21 September 2017

Against The Wind, Into A Passion

In 1972 or thereabouts, he pedaled from Buffalo, New York to Erie, Pennsylvania.  "My butt has never been the same since then, honest to God," he says.

He doesn't mention what saddle he rode.  My guess is that it was broken-down, rather than broken-in.

More than likely, it's the saddle that came with the bike when he bought it. That is what most people ride, at least until they realize they can replace seats that are uncomfortable for them.  In this case, however, it may not have been possible for the Buffalo-to-Erie cyclist to swap out his bum-buster.

You see, that saddle came on a Columbia bicycle--but not one you might have ridden when you were a kid (or, perhaps, are still riding now!).  Rather, it's one of the Columbias made by Albert Pope's company in 1886.

Jim Sandoro bought that bike in 1970 at a flea market just outside of Cleveland.  A couple of years later, he took his fateful ride. "Like idiots, we didn't think about the wind," he recalls.  "In the old days, they used to pedal from Erie to Buffalo"--in the direction opposite from the one Sandoro rode--"because they knew better."  His ride into the wind, he says, took "16 grueling hours."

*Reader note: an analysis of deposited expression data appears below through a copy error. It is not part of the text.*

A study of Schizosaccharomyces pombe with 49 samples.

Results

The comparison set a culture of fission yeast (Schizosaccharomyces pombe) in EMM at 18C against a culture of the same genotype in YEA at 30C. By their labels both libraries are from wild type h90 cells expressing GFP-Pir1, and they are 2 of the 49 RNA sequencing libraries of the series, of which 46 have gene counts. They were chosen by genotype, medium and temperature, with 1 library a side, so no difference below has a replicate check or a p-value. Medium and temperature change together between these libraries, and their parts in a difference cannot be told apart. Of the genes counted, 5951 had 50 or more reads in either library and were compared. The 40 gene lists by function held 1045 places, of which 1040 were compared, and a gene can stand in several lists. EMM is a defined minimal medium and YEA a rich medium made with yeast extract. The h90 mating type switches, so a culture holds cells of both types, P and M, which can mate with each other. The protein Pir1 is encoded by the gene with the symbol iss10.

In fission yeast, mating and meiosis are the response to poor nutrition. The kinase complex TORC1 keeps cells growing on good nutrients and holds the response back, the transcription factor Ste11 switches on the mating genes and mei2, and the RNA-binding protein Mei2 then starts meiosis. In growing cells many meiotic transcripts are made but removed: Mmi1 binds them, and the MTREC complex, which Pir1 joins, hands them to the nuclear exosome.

Jim Sandoro with a Maid of the Mist bicycle from his collection

Since I have never ridden a high-wheeler, I can only imagine what that ride was like.  The bike, however, helped to form a collection of vintage bicycles and rare bike memorabilia Sandoro and his wife, Mary Ann, have amassed over the past half-century.   They have concentrated their efforts on bikes and related items made from the 1860s through the 1920s, especially models related to their native Western New York State.

On Saturday, that collection will be displayed for the public for the first time in the Buffalo Transportation/ Pierce-Arrow Museum, which they founded and built.  The museum has been devoted mainly to automobiles and, more recently, the Frank Lloyd Wright Filling Station.  But now the Sandoro's collection, which has been augmented by bikes they purchased from the former Pealing History Museum in nearby Orchard Park, will take a prominent place in their museum.

And, if you plan to ride there, you might want to pay attention to the wind!